Farmscape for August 8, 2022
The Veterinary Counselor with the Canadian Pork Council reports efforts on both sides of the Canada U.S. border to control wild pigs are showing success.
As part of the Transboundary Feral Swine Summit, held last month in Calgary as part of the Pacific NorthWest Economic Region Summit, delegates discussed the damage being done and the risks posed by feral wild pigs and efforts to bring their populations under control.
Dr. Egan Brockhoff, the Veterinary Counselor for the Canadian Pork Council and member of the Swine Innovation Porc Coordinated African Swine Fever Research Working Group, notes there's been a lot of north-south cooperation on the issue.
Clip-Dr. Egan Brockhoff-Canadian Pork Council:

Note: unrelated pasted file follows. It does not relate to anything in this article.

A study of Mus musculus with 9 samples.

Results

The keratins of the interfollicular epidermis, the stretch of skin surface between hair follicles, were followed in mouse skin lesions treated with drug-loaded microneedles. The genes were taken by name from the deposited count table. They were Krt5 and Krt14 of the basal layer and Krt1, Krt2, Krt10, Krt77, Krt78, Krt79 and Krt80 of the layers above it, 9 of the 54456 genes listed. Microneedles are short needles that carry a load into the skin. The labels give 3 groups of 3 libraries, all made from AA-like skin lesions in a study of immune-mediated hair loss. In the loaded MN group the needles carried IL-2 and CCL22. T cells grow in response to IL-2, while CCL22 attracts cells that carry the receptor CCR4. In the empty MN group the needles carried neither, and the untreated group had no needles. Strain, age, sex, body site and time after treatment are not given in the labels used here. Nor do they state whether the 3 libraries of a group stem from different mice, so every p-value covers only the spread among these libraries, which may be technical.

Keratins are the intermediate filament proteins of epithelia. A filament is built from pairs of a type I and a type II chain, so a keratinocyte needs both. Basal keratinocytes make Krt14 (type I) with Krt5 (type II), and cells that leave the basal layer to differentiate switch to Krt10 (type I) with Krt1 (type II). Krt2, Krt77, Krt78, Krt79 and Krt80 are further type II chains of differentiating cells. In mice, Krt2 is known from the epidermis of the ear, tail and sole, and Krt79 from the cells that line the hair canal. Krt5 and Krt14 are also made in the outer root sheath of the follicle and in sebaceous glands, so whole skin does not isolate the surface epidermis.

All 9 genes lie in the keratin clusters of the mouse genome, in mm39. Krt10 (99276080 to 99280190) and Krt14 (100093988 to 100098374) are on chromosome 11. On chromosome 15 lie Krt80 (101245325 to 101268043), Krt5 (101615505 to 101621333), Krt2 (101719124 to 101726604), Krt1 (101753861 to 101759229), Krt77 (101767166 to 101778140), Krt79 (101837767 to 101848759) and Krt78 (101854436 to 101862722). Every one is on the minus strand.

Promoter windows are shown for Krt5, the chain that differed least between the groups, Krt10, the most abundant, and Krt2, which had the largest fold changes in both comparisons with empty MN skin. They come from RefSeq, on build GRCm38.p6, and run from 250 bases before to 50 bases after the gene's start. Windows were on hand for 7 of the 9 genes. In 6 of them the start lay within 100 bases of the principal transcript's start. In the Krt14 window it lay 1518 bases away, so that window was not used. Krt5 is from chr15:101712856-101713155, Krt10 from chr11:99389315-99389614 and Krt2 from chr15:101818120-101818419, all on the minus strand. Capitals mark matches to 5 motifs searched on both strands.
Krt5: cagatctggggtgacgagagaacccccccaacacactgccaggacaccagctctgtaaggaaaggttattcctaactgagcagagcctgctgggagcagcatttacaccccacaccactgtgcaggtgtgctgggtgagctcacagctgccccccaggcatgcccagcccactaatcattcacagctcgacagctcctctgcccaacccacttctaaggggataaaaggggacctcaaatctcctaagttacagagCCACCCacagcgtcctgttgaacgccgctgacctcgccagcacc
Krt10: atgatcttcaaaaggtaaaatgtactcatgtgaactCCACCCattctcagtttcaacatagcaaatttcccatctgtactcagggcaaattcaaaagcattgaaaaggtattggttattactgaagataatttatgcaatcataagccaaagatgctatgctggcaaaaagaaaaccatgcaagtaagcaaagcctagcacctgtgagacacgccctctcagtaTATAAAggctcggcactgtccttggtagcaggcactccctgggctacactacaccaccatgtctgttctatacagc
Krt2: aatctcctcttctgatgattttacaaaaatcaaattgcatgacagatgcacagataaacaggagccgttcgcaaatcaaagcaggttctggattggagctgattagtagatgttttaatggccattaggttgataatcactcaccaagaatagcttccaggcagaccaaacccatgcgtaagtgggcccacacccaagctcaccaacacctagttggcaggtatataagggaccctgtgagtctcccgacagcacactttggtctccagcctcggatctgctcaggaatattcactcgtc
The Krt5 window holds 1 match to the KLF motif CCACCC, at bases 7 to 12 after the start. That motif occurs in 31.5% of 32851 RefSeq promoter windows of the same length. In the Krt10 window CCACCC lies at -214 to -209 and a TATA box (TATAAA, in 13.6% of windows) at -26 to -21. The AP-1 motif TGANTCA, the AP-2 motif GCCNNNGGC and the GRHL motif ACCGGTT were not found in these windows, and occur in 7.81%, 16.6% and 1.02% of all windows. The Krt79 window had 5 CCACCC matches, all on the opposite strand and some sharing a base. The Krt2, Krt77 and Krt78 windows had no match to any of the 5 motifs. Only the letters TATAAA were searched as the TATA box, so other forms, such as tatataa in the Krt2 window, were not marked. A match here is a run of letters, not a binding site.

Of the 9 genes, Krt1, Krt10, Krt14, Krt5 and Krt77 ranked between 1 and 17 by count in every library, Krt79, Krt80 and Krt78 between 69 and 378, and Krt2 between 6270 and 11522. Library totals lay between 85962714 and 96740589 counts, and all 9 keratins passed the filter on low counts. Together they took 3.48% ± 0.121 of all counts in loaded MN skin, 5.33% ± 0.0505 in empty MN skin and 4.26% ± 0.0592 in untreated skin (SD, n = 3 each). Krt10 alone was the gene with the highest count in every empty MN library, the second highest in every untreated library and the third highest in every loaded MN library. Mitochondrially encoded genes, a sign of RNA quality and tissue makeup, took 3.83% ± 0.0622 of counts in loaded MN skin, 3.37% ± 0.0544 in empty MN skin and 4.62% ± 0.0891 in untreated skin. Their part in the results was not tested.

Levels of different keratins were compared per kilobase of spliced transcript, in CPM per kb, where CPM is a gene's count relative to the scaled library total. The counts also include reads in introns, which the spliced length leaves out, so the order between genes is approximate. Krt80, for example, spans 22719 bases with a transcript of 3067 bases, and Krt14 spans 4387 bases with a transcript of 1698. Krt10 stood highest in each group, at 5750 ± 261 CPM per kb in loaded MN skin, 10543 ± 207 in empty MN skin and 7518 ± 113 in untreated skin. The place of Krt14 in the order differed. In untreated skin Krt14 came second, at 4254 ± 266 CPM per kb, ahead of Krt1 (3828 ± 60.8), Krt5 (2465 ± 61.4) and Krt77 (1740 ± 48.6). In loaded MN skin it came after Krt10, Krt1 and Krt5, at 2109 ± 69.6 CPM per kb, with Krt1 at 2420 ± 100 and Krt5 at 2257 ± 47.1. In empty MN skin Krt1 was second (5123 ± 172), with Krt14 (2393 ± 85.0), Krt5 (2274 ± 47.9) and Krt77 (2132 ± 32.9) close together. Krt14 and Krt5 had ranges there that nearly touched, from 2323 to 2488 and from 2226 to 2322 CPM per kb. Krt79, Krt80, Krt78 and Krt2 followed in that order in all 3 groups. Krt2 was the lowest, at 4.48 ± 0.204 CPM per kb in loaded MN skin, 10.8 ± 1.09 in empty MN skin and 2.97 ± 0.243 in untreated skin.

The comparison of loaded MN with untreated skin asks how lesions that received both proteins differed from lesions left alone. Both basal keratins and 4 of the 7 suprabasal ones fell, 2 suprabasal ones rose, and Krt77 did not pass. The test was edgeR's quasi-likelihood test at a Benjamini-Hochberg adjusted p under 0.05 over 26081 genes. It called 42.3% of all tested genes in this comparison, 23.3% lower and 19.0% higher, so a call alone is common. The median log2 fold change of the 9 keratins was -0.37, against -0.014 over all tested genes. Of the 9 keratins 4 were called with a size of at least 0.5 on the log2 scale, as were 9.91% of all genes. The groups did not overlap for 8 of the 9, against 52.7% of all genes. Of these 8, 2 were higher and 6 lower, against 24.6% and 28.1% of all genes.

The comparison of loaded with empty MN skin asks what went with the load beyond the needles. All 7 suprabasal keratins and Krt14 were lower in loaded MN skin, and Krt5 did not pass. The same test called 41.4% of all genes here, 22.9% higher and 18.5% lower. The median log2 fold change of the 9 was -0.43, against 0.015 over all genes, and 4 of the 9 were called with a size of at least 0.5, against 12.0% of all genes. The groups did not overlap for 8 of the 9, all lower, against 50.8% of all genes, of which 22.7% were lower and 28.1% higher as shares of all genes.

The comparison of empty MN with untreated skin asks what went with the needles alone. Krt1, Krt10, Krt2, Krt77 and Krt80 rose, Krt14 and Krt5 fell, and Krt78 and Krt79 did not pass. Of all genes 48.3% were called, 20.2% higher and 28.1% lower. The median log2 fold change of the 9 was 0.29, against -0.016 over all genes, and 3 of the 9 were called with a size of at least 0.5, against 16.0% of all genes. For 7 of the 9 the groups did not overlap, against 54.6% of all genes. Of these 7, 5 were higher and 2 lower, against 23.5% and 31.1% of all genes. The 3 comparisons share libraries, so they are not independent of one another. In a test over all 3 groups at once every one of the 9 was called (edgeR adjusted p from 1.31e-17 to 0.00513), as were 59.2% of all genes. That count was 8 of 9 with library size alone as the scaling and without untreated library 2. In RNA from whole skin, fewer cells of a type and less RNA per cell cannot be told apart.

As we have been looking at ways to control and eradicate this population, we have looked to our colleagues in the south.
They've had many more years of experience with this, they've had some tremendous success stories in eradicating wild pigs from various states so there's a lot of cooperation.
They're very interested in making sure we get our wild pig population under control too.
They don't want to see wild pigs walking across the border and coming at their economic regions and states from the North.
In western Canada we see the provincial governments in the region have all moved into whole sounder trapping programs where they're trying to trap and remove, we've got campaigns on awareness, the Squeal on Pigs Campaign.
Perhaps the most notable of the lot gives information to people out in the public on how to report pigs and why we need to report them and so a great deal has been done.
It's good to see progress being made.
This is exactly what we want to see.
We have a long road ahead of us but we are making some first steps and that's encouraging.
Dr. Brockhoff suggests it's important to maintain this momentum, and continue to move forward with control and eradication.